Right-hander Luke Farrell made a spot start on Monday night and struggled. Is this evidence of the Chicago Cubs’ biggest weakness this season?
After a doubleheader against the St. Louis Cardinals on Saturday created the need for a spot starter, the Cubs granted right-hander Luke Farrell the opportunity to step up in Monday’s opener against the Arizona Diamondbacks.
With the rotation still somewhat in flux, it would have meant a lot for Farrell to step up. He could have proven the team boasts more pitching depth than meets the eye. Instead, a rough outing for the Northwestern grad may have broadcast the Cubs’ most glaring weakness to the rest of the league.
This one left a bad taste in your mouth
In the first inning of Monday’s game, Farrell gave up five runs. Two of those runs came on a double from Arizona catcher Jeff Mathis, who is currently batting a measly .200 on the season. The only bright spot in the inning may have been that Farrell retired Paul Goldschmidt. In the second inning, though, Goldschmidt proceeded to launch a solo homer off Farrell to make it 6-0.
Signs of larger issues
Sure, it’s just one game, and the Cubs still have a 2 1/2 game lead over the Brewers. Farrell’s outing is not the end of the world. But it does show that despite having the best record in the National League, the Cubs still have some shortcomings to address.
First, Farrell’s outing further proves the Cubs’ current rotation has almost no room for injury or error. Mike Montgomery is already a regular member of the rotation with Darvish out, and no one is expecting him to be back very soon—if at all. So if one of the Cubs five starters were to get hurt, would Farrell be the only other starting option?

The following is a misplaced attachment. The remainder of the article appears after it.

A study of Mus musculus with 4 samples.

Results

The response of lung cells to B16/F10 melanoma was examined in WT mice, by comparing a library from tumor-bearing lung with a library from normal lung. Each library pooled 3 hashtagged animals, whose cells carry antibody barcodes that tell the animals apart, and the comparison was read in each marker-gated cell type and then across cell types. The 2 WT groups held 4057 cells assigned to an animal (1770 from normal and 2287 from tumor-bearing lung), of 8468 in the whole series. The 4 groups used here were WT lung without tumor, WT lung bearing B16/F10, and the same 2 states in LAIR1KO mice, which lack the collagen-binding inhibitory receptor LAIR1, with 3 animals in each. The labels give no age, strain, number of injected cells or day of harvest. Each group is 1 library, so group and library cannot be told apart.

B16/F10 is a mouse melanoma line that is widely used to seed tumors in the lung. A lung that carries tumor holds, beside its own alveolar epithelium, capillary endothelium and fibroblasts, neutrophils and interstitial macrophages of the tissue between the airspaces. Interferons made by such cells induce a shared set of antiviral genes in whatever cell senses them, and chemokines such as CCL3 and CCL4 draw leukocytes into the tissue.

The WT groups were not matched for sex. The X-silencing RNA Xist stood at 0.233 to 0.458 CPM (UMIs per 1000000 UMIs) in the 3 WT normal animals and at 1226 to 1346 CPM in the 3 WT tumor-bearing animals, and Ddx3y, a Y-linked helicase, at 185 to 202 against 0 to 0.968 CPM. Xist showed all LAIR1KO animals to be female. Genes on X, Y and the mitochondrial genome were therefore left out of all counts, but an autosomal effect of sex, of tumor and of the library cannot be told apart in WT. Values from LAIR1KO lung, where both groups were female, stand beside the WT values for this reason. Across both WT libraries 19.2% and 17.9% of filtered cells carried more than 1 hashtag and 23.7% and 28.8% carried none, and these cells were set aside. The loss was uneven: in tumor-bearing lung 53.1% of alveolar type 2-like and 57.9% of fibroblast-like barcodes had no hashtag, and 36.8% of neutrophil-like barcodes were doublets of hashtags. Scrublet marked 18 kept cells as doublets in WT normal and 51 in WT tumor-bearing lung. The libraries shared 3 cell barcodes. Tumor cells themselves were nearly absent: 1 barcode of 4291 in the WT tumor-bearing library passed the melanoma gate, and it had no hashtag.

Based on Monday’s outing, that would be cause for concern. He has been strong out of the bullpen, with a 3.20 ERA as a reliever, but in two spot starts, he is 0-2 with a 13.50 ERA.
Farrell’s outing also showed something about the need for more depth in the Cubs bullpen. Yes, the Cubs were down 7-1, a generally insurmountable deficit. Still, that would not normally merit a position player pitching situation. The Cubs bullpen could use some help. That could be in the form of another shutdown reliever to add to the circle of trust in the pen.
The need for trades
The Cubs may not have the assets to make a big deal before the July 31 trade deadline, but they definitely still have some needs. While a starter may not be what they pursue, Farrell’s outing on Monday showed that it would help to have another guy to turn to for spot starts or in case of injury.
But the larger problem may be the bullpen, and it appears that is what Theo and Co. may be addressing. The bullpen has been used early and often, and Monday’s use of position players yet again showed that that fatigue may be starting to have an effect. Another bullpen arm could really benefit the relievers as they continue through the rest of the season and a hopefully long October.
With 162 games in the baseball season, one game is never the end of the world. However, Monday’s short outing from Farrell seemed to display some of the concerns with this Cubs team that need to—and likely will—be addressed in the coming weeks.